HTC One (M8) With Windows Phone 8.1: Hands On

Windows Phone fans finally have flagship variety with HTC's One (M8). But it probably won't tempt Android or iOS users to Windows Phone 8.1.
iPhone 6: 8 Ideas Ripped From Rivals?
iPhone 6: 8 Ideas Ripped From Rivals?

With a Dot View cover on, the device is easier to grip -- but I found the cover itself somewhat frustrating. The first time I attached the accessory, it wigged out, displaying a bunch of gibberish. I haven't been able to replicate that problem, but other aggravations persist. When I swipe down to summon Cortana, for example, the gesture works only some of the time. Others seem to be more satisfied with the Dot View, but after a few days, I started using the One (M8) without it.

HTC's proprietary technology can be fun, but most of it either duplicates something already found in Microsoft's OS, or amounts to little more than a novelty. The rear camera's parallax effect is fun but limited, and though the camera offers a range of manual controls and a variety of filters, its miserly 4-MP resolution produces low-contrast, low-detail shots. The camera also has a 5-MP front-facing camera, which might compensate for the unimpressive rear unit, if you do a lot of Skype or like selfies -- but compared to 16-MP and 41-MP sensors in Nokia Windows Phones, the HTC's photographic tools don't match up. BlinkFeed, meanwhile, does a lot of the same things Cortana does. Moreover, thanks to Cortana's machine-learning capabilities, the virtual assistant does many of these things, such as gathering news that suits your preferences, better.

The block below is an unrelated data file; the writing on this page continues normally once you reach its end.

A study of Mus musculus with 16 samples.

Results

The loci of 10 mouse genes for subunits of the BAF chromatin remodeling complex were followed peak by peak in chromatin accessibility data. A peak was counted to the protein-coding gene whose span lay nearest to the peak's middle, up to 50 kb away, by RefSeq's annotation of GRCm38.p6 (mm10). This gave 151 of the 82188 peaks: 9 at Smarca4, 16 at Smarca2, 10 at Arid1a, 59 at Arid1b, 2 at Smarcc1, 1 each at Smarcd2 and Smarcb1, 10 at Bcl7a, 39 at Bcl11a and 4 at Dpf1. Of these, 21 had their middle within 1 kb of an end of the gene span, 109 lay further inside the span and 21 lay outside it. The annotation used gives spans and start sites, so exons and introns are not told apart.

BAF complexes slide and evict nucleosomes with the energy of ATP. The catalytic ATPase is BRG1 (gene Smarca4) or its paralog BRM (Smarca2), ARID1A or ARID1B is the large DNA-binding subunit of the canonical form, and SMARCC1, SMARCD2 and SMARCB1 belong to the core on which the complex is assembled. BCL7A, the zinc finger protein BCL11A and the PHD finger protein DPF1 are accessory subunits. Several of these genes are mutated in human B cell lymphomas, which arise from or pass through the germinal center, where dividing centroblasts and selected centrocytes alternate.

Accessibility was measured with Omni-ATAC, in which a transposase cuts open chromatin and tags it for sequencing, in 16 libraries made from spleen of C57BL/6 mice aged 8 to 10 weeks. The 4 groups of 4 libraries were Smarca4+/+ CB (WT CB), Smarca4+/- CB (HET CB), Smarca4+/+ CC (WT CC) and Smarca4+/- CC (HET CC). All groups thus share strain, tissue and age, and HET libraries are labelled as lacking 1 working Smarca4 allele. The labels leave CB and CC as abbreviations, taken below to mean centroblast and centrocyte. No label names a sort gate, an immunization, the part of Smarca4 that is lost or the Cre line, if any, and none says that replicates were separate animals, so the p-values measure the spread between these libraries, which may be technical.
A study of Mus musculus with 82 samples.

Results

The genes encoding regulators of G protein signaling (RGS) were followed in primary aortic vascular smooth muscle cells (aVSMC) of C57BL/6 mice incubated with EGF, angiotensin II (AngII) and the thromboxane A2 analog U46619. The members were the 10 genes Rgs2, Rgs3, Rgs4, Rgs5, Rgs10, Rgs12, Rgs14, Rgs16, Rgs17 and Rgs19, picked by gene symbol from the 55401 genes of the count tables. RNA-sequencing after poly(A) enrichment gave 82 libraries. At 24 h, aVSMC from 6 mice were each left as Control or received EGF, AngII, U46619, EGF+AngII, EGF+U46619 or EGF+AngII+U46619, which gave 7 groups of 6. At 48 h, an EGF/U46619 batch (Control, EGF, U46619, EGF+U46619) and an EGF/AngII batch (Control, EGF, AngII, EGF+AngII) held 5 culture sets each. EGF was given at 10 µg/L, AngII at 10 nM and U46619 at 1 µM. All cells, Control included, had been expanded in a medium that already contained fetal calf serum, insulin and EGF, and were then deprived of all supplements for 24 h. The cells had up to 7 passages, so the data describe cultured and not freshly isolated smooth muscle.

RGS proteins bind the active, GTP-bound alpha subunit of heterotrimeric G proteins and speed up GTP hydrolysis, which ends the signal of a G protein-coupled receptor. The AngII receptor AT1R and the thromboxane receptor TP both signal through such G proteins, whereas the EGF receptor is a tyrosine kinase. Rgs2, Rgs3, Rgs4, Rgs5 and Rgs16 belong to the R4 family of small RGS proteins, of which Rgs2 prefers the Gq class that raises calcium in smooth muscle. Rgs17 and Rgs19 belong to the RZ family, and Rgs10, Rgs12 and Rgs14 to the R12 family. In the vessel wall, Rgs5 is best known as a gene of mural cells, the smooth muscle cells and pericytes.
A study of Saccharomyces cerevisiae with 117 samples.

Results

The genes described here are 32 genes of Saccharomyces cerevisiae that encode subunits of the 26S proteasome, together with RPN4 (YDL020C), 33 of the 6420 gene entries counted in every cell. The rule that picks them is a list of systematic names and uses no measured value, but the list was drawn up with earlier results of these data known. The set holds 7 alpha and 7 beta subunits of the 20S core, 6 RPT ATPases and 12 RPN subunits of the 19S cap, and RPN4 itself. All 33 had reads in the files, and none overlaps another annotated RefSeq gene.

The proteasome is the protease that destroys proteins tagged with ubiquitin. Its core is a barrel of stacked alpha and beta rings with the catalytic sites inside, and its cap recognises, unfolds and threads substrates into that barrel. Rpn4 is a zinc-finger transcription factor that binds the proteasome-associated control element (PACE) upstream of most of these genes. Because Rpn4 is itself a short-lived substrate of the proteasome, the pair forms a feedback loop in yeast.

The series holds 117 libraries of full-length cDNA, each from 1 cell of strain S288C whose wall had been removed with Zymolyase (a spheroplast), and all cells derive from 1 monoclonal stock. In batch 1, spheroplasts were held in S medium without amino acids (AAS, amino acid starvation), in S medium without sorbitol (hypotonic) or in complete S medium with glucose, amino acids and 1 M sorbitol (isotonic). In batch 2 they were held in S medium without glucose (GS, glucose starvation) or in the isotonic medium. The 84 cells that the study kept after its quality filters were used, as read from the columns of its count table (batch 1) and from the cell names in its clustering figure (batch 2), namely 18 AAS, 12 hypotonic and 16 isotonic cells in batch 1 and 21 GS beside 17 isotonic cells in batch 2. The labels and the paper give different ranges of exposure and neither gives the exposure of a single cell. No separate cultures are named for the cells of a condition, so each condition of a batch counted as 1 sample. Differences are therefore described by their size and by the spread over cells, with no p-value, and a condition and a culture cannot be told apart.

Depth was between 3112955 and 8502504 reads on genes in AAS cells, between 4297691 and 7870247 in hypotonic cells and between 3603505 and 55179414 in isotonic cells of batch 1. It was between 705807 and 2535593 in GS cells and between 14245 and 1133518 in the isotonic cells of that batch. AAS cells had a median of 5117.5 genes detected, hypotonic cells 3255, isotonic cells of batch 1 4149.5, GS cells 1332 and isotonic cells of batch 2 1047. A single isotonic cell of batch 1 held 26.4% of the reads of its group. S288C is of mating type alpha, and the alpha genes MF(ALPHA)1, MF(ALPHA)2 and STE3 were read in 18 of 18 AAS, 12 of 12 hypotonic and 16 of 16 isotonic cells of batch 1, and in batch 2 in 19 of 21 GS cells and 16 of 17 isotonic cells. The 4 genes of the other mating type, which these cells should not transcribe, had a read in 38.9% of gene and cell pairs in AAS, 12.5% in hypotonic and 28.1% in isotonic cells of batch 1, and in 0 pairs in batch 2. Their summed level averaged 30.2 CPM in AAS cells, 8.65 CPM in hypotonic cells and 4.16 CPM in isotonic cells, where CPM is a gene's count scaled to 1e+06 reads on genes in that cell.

And then there's the ongoing bane of Windows Phone's existence -- apps. Windows Phone 8.1 has access to more than 300,000 titles, less than one-third the total in iOS and Android's respective catalogues. Many major apps have finally made it to Windows Phone, but they're often not as fully featured as those on other platforms. Instagram for Windows Phone lacks the iOS version's ability to shoot video and edit photos, for example. Many apps that are free on iOS and Android also cost a few dollars on Windows Phone.

Ultimately, the One (M8) is a reasonable option for Windows Phone fans. According to a recent survey, Windows Phone users are less likely than Android or BlackBerry users to switch to the upcoming iPhone 6 -- so it's positive for such a loyal group to have more options, and good for the smartphone market to see more flagship competition. But will the One (M8) tempt any Android or iOS users to join Windows Phone? Time will tell, but as for me, I'm probably still going to buy an iPhone 6.